Objective Exertional heat stroke (EHS), characterised by a high core body temperature (Tcr) and central nervous system (CNS) dysfunction, is a concern for athletes, workers and military personnel who must train and perform in hot environments. The objective of this study was to determine whether algorithms that estimate Tcr from heart rate and gait instability from a trunk-worn sensor system can forward predict EHS onset.
Methods Heart rate and three-axis accelerometry data were collected from chest-worn sensors from 1806 US military personnel participating in timed 4/5-mile runs, and loaded marches of 7 and 12 miles; in total, 3422 high EHS-risk training datasets were available for analysis. Six soldiers were diagnosed with heat stroke and all had rectal temperatures of >41°C when first measured and were exhibiting CNS dysfunction. Estimated core temperature (ECTemp) was computed from sequential measures of heart rate. Gait instability was computed from three-axis accelerometry using features of pattern dispersion and autocorrelation.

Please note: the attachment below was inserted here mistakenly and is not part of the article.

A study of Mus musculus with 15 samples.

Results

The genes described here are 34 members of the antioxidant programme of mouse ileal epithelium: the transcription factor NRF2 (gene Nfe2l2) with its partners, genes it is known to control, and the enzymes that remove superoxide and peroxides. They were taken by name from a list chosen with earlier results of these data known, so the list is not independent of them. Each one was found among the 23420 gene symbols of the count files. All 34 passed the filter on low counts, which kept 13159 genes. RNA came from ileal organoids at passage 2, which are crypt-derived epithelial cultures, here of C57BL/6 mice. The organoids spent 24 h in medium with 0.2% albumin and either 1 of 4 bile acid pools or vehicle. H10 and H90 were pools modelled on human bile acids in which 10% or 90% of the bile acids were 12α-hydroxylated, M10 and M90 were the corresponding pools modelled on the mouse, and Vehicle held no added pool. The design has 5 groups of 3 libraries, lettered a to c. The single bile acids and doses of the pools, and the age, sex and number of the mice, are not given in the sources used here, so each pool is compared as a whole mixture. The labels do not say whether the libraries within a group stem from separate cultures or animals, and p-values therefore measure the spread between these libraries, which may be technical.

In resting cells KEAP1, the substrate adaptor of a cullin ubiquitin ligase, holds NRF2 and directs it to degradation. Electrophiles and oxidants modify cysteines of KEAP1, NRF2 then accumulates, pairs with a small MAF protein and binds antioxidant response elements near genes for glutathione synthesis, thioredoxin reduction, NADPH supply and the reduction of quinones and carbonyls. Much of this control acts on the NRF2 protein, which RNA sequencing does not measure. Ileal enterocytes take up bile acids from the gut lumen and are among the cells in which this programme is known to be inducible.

Results The six soldiers who experienced heat stroke were among the hottest compared with the other soldiers in the respective training events with ECTemps ranging from 39.2°C to 40.8°C. Combining ECTemp and gait instability measures successfully identified all six EHS casualties at least 3.5 min in advance of collapse while falsely identifying 6.1% (209 total false positives) examples where exertional heat illness symptoms were neither observed nor reported. No false-negative cases were noted.
Conclusion The combination of two algorithms that estimate Tcr and ataxic gate appears promising for real-time alerting of impending EHS.
- hot temperature
- heat-shock response
- physical activity
- preventive medicine
Data availability statement
No data are available. Data are not publicly available.